Credit Scores

Each of us has a unique credit score; somewhere between 300 and 850 is a number that affects the price you pay for things. It’s not a government thing; there are three credit bureaus – Experian, TransUnion, and Equifax. They all do similar things; however, each has a more prevalent region depending on where you live. In the west, Experian tends to be the credit bureau of choice for most lenders.

And that’s really the difference, which lenders report to them. The other difference is the algorithm they use to determine the score. That’s the secret. You’ll likely find that if you received your credit score from all three bureaus, they would be in a relatively close range but would never be exactly the same.

As a consumer in the US, you have the right (and responsibility) to review your credit report once a year on all three bureaus. What you’re looking for is accuracy – if everything on them is true, then it’s just a matter of improving your credit score by other methods.

I know many who think I don’t plan on borrowing money; why does my credit score matter? I thought the same way until I saw it in action. Even though I wasn’t borrowing money, I still have to purchase insurance, and insurance companies base your premium, in part, on your credit score. I knew that but hadn’t really thought about it until I was buying insurance for a boat. The quote came in at X + $900, the actual premium was only X – after they ran my credit score. $900 was a significant savings and only based on my credit.

I’m going to use Experian in my discussion; again, know that the other credit bureaus are similar but may not be exact.

Credit scores are based on numbers – you’ll see them referred to as a FICO score. FICO stands for Fair Isaac Corporation, founded in 1956 by Bill Fair and Earl Isaac as a data analytics company focused primarily on measuring consumer credit risk.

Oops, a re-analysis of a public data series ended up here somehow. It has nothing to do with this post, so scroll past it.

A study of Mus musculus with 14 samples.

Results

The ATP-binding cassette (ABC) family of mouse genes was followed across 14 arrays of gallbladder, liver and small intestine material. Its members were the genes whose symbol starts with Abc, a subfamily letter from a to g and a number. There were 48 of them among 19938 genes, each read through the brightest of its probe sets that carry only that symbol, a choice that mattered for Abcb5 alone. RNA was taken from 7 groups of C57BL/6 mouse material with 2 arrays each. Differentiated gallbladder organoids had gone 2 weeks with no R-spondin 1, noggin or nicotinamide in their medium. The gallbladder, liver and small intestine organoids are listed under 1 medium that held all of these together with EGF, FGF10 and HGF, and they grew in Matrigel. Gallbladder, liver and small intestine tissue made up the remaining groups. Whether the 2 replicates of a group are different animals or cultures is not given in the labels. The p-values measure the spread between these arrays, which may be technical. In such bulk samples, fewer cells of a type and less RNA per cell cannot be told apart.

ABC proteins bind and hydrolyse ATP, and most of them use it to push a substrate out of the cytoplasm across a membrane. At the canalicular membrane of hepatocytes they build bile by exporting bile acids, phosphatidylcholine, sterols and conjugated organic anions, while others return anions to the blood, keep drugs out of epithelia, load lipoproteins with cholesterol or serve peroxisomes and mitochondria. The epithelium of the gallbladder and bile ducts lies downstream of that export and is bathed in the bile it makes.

800-850 is considered exceptional; 740-799 is Very Good, 670-739 is Good, 580-669 is Fair, 300-579 is Poor.

If you have no consumer debt, you likely have a Poor Credit Score. This seems counter-intuitive but is really just a reflection on not having any tools to measure you by.

The score comes from five sources: Payment History = 35%; Amount of debt = 30%; Length of Credit History = 15%; and Amount of New Credit + Credit Mix = 10% each.

If your credit score is not where you want it to be – here are some ways to help yourself.

  • Review your reports for accuracy. Make sure all items on your report do belong to you, and the balances are current. You can refer to your balance sheet from Lesson 3 for help.
  • Pay your debt on time – every time. This is worth 35% of your score. Reliably paying on time improves your score more than any other item.
  • Use your credit cards, but don’t over-use them. Keep your balances at no more than 30% of your available credit.
  • If you don’t have much credit, consider applying for Credit Boost. On Experian, that means you can add your utility payments to your account to show your reliability as a consumer. Only do this if you have exceptional payment history. If your history is sketchy, this will hurt you rather than help you.
  • Get better about timely payment of your bills.
  • Don’t apply for unnecessary credit. Hard inquiries on your credit often make you look unreliable.

Like most items in our arsenal, this is a tool. It can be used to cut your interest rates or save you money on insurance products. It can help you buy a car or a house, credit scores need constant monitoring. You do not have to pay for that service, although each credit bureau will try to sell you tools for that purpose; just get signed up for the free service, they share enough information to help you without adding another subscription to your already long list.